Living her dream: Adventure cyclist Julie Gildred

Cyclist Julie Gildred will begin an bicycle circumnavigation of the Indian peninsula that will benefit challenged athletes of the world.
On January 21, when most of us will still be struggling to stick to our New Year's fitness resolutions, San Diego-based adventure cyclist Julie Gildred will begin an unsupported bicycle circumnavigation of the Indian peninsula.

Pedaling a modified Specialized Rockhopper from Chennai (formerly Madras) to Goa, and traveling with little more than passport and panniers, she will cover over 1,300 miles in approximately 30 days.

Her ride -- dubbed Challenge India -- will benefit challenged athletes of the world. These individuals with physical disabilities seek to participate in sports and live an active life, but need occasional help. Julie's Challenge India project will raise money, resources and awareness to the needs of these individuals. India was selected as the venue because of the extreme conditions and obstacles it will present.

"I want to do something that requires me to commit every ounce of myself and, perhaps, will give me a glimpse of the mental and physical obstacles challenged athletes must face every day," said Gildred.

Julie is no stranger to epic bicycle rides. In 2003 she embarked on a solo ride that spanned the north-south length of Vietnam. However, after reaching Saigon, she decided to continue on -- Forrest Gump style -- through Cambodia, Northern Thailand, Laos and Myanmar (Burma); then on to Morocco, Spain, France and Italy. Still not done, she returned to Asia and pedaled through Nepal, Tibet and finally New Zealand. This 13-country, 12,000 km around-the-world trip established her as one of the world's preeminent ultra-distance female cyclists.

Daily life on the road revolves around fulfilling basic needs: food, water and sleep. Gildred spends much of her time reading maps, perfecting her pantomime routines and, of course, cycling. Depending on the weather, she tries to log six hours per day on her bike.

After arriving at her daily destination, Julie usually spends another hour "shopping" for a place to sleep. The quality of accommodations differs greatly around the world and her standards adjust accordingly.

"I used to think it was important to have a shower and bathroom," laughed Gildred. "Now I'm happy with a bed and clean sheets. Even dinner and a beer are sometimes a bonus. It's all about needs and priorities!"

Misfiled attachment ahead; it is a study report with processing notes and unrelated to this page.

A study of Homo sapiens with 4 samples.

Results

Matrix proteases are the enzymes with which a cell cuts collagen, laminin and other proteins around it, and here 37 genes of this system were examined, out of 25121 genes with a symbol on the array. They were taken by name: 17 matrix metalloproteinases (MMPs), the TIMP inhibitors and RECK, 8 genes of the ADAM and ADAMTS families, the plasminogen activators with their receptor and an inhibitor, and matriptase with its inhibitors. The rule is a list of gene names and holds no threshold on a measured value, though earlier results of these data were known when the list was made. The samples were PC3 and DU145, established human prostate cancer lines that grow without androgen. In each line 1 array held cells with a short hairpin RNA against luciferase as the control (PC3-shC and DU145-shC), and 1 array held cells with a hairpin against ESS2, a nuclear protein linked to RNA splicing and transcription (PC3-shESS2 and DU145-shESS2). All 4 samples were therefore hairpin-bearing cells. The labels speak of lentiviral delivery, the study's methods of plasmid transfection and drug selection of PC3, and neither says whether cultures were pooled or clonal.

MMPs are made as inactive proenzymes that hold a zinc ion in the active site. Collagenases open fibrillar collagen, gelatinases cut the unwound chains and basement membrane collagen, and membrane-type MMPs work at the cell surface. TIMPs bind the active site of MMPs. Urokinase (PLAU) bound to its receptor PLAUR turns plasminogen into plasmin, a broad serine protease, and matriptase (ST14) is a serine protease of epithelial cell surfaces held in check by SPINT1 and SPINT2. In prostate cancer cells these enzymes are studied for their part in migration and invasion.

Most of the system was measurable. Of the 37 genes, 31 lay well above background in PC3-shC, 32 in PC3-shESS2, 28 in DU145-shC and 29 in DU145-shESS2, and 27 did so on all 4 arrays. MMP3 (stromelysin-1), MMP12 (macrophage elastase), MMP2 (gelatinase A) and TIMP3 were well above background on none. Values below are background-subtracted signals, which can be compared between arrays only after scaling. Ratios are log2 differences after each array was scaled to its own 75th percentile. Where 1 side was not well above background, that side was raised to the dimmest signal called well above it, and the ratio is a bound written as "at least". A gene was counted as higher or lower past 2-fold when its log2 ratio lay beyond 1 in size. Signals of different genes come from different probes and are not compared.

A former corporate attorney, Gildred practiced law in San Diego for 12 years. Her career required that she travel to many developing countries, including India. These experiences made a strong impact, but it wasn't until she took a bike vacation across Spain that she worked up the courage to quit her job as a successful lawyer and pursue her true passion: international cycling.

Now the proprietor of Ride Strong Bike Tours, Gildred organizes and leads trips throughout Europe and Asia for small groups of endurance cyclists. Although best known for programs that accompany stages of the Tour de France and Giro d'Italia bike races, Gildred prides herself on creating totally customized trips in virtually any corner of the world. For example, in 2007 she is offering a unique mountain biking program to Nepal and Tibet that includes a stop at the mountaineers' base camp at the foot of Mt. Everest.

In between organizing and guiding trips for her clients, Gildred finds time to pursue philanthropic adventures like next year's Challenge India ride.

Although Gildred is financing the expenses of her journey entirely on her own, she is accepting donations in connection with Challenge India that will directly benefit the Challenged Athletes Foundation. All donations are tax deductible and donors will have access to regular blogs detailing the adventures of her journey. Click here if you'd like to make a contribution.

"I get the most satisfaction out of inspiring others to live an active lifestyle and overcome whatever obstacles or fears they have in making changes in their lives. I'm living my dream, and so can anyone," states Gildred. "It just takes a small leap of faith."